Philipp Hildebrand, a key European banking figure who polarized global markets but was cheered as a hero in his home country, stunned observers on Monday by abruptly stepping down as chairman of Swiss National Bank.
Mr. Hildebrand, who rose in prominence following a bold move to cap his country’s soaring currency, resigned amid a public scandal over currency trades made by his wife.
The announcement came as he continued to deny any knowledge of his wife’s decision to purchase $500,000 in U.S. dollars three weeks before the central bank, under his guidance, slapped a cap on the soaring franc. Kashya Hildebrand, a former currency trader, later converted the funds back into francs, garnering a profit of tens of thousands of dollars.
Mr. Hildebrand also resigned as vice-chairman of the Financial Stability Board, a Switzerland-based international body tasked with co-ordinating global efforts to set regulations aimed at preventing future financial meltdowns.
Bank of Canada Governor Mark Carney, who took over as head of the board in November, described him as “instrumental” in efforts to respond to the global financial crisis. The two bankers are long-time friends who were at one point both top contenders to lead the organization. “I very much regret the circumstances of his departure and the loss of his future contributions to the work of the Financial Stability Board,” Mr. Carney said in a statement.
Though he denied any wrongdoing, Mr. Hildebrand nevertheless said he could not prove his innocence.
“I have come to the conclusion that it is not possible to provide conclusive and final evidence that my wife did indeed initiate the foreign-exchange transaction without my knowledge,” he said. “The fact is: My word is my bond. I had no knowledge of my wife’s transaction on that day.”
Mr. Hildebrand’s resignation marked a swift reversal of fortune for the former swimming champion, whose bold actions as head of the SNB had earned him a level of recognition rare for a central banker.
As head of the SNB, he fought for substantially higher capital buffers for banks, forcing UBS AG and Credit Suisse Group AG to raise their capital reserves. Later he championed tougher rules for systemically important banks deemed “too big to fail” and aggressively lowered borrowing costs. And when the global economic crisis sent worried investors fleeing to the Swiss franc, a traditional safe haven, Mr. Hildebrand made its boldest move yet. In September, with the franc up 20 per cent against the euro, burdening Swiss exporters, the SNB announced that it would step in to bring the soaring currency back to earth. It declared a minimum exchange rate of 1.20 francs against the euro and said it was prepared to buy foreign currency in unlimited quantities in order to enforce it.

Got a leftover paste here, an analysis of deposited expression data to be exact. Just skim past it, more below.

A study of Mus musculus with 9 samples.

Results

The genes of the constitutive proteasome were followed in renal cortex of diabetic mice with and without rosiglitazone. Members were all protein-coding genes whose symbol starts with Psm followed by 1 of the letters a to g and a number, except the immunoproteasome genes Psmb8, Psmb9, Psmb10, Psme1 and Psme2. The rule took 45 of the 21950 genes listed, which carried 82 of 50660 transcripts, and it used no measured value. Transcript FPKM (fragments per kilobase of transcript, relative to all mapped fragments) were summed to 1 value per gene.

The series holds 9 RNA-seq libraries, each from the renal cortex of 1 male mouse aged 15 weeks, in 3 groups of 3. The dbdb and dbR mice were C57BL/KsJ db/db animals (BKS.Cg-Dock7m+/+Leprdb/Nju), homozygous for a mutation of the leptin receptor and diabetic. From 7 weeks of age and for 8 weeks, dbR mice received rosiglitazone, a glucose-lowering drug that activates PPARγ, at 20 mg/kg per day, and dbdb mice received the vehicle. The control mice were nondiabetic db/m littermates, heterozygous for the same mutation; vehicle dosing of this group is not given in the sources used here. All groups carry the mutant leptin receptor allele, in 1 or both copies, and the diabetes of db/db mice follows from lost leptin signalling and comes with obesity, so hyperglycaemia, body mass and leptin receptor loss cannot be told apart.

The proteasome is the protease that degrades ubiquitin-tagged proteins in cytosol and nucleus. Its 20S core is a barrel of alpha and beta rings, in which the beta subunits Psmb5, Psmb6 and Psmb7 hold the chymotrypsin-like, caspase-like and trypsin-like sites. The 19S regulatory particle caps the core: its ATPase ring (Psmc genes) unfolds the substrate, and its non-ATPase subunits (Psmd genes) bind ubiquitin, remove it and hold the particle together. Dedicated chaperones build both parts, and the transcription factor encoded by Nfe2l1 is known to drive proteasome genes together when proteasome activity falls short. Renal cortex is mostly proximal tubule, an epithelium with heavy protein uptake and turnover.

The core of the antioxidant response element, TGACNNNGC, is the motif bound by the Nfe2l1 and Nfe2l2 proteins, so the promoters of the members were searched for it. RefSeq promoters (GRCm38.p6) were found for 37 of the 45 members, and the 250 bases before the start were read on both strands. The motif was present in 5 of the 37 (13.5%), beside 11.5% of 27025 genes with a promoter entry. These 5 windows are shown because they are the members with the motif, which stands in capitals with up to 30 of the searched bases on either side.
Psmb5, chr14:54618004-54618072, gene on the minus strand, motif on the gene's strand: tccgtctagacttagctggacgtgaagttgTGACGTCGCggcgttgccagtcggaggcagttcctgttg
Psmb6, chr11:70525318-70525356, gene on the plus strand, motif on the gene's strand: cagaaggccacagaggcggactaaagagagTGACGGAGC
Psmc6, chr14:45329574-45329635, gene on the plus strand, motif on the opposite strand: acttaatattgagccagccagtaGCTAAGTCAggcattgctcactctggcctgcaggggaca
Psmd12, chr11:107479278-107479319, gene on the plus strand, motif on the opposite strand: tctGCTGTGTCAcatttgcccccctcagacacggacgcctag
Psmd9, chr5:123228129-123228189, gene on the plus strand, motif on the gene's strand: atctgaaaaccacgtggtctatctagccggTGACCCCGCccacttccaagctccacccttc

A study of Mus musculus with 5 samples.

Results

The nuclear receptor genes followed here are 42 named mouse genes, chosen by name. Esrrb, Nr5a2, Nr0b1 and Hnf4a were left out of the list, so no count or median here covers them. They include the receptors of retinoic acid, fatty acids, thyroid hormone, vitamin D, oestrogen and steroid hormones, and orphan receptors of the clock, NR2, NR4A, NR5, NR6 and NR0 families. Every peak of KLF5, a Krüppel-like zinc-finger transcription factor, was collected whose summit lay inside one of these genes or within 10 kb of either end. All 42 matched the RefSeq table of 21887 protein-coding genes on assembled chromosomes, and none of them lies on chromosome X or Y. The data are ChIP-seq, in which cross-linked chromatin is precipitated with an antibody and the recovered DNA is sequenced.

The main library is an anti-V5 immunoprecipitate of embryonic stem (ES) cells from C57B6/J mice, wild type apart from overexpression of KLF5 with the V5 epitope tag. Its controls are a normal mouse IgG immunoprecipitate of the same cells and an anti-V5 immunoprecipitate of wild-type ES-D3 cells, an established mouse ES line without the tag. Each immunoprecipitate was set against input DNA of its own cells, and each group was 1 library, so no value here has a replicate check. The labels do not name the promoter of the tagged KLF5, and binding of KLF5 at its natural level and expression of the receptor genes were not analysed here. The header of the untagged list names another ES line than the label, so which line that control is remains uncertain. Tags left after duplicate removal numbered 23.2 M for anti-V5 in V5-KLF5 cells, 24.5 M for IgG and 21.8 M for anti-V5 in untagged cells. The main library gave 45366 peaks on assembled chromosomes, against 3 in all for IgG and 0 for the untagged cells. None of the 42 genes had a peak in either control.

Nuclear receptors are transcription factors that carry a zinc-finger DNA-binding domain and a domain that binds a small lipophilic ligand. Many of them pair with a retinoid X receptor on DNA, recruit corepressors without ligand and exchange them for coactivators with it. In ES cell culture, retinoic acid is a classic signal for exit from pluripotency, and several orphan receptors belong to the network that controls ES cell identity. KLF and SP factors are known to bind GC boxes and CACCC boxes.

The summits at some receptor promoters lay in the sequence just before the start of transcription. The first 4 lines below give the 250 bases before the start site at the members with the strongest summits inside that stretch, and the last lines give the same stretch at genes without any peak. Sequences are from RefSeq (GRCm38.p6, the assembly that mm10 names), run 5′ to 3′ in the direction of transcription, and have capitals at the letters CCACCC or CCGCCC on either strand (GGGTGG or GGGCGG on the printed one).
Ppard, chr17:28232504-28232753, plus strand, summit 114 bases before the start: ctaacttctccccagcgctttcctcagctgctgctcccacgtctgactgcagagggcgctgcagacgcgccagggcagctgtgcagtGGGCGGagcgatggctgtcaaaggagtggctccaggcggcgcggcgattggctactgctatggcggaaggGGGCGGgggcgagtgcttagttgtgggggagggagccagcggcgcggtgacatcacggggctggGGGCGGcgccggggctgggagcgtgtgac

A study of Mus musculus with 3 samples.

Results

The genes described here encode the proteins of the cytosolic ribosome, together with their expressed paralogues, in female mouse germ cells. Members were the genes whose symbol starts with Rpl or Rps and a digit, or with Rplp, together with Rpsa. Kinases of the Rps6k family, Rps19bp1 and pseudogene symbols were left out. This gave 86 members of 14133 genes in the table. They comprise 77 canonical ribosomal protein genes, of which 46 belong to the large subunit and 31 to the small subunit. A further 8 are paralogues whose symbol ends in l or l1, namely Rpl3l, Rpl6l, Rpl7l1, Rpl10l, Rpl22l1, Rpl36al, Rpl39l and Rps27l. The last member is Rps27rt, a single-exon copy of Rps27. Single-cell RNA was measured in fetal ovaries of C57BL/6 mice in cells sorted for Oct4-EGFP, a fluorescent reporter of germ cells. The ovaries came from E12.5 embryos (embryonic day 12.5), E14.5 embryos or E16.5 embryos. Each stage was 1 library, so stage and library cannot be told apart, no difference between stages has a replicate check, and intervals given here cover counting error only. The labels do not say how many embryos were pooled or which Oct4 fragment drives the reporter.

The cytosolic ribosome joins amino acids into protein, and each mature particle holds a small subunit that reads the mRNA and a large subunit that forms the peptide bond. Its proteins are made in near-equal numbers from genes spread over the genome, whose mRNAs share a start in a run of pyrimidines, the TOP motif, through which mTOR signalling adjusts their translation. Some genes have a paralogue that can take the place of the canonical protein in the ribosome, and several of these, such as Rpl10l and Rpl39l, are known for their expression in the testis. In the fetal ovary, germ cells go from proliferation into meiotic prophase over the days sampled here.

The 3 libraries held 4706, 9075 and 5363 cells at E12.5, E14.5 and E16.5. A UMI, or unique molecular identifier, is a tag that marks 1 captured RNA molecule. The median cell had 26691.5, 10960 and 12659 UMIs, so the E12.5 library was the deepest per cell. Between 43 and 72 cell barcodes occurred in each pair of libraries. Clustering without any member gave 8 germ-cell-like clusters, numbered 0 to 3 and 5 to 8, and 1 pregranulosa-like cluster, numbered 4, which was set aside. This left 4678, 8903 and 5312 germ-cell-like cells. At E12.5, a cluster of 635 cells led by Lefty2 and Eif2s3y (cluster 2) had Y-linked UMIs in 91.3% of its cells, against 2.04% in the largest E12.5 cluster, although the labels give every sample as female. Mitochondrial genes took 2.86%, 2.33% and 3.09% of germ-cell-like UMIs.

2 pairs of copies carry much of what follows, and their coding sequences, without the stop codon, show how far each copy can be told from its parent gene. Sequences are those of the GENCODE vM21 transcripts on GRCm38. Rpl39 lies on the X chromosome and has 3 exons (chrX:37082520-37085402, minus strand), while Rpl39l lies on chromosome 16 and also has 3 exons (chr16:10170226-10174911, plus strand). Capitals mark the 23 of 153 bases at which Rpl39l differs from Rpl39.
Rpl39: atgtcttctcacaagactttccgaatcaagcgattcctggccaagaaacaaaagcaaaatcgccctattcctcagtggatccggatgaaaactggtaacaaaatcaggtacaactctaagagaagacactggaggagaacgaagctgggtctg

The controversial move shocked markets but inside Switzerland, it made Mr. Hildebrand a star, said Daniel Kuebler, a political scientist at Zurich University. “He was a hero,” Mr. Kuebler said. “It was the single most important measure for exporters and farmers and it was something the politicians couldn’t do.”
But Mr. Hildebrand’s policies also drew fierce criticism, particularly from Switzerland’s right-wing Swiss People’s Party. The party, which wants to keep Switzerland out of the European Union, brought forward the allegations that led to Mr. Hildebrand’s resignation after details of the Mr. Hildebrand’s private banking information were leaked by an employee of the Swiss Bank Sarasin. According to a statement from the bank, the employee disclosed the transactions to a lawyer with close links to the Swiss People’s Party who then arranged a meeting with Christoph Blocher, a well-known figure in the party.
The employee is now in a closed psychiatric unit of a hospital, according to Swiss media reports.
The scandal at the central bank comes as the United States cracks down on offshore tax evasion through Switzerland’s private banks. A broad criminal probe by the U.S. Justice department of Swiss banks and wealthy American clients has strained relations between the two countries and tarnished the country’s banking sector.
Swiss National Bank vice-president Thomas Jordan will take his place as interim chairman on the bank’s three-member board. In a statement, the SNB said it would continue to pursue the minimum exchange rate of 1.20 francs against the euro with the “utmost determination.”
“All this discussion about bank secrecy including the Hildebrand leak, goes to the heart of the success of the Swiss financial sector which is a big part of the financial success of the entire country,” said Michael Hermann, a Zurich-based political scientist. “If these banks continue to have trouble dealing with clients and protecting clients, it could be very damaging.”
Mr. Hildebrand has several Canadian connections. He attended the University of Toronto, graduating in 1988 with a bachelor of arts with distinction. A champion swimmer in Switzerland who almost qualified for the Los Angeles Olympics, he also swam for a year on the university’s varsity team.
Head coach Byron MacDonald vividly recalls his “natural leadership ability” and commanding presence, even as a young man.
“He was an incredibly dynamic guy,” said Mr. MacDonald, who went to Switzerland in the 1980s to recruit his then-girlfriend to the Toronto swim team and wound up luring Mr. Hildebrand to Canada as well. “He was just one of those very unique, well-liked guys.”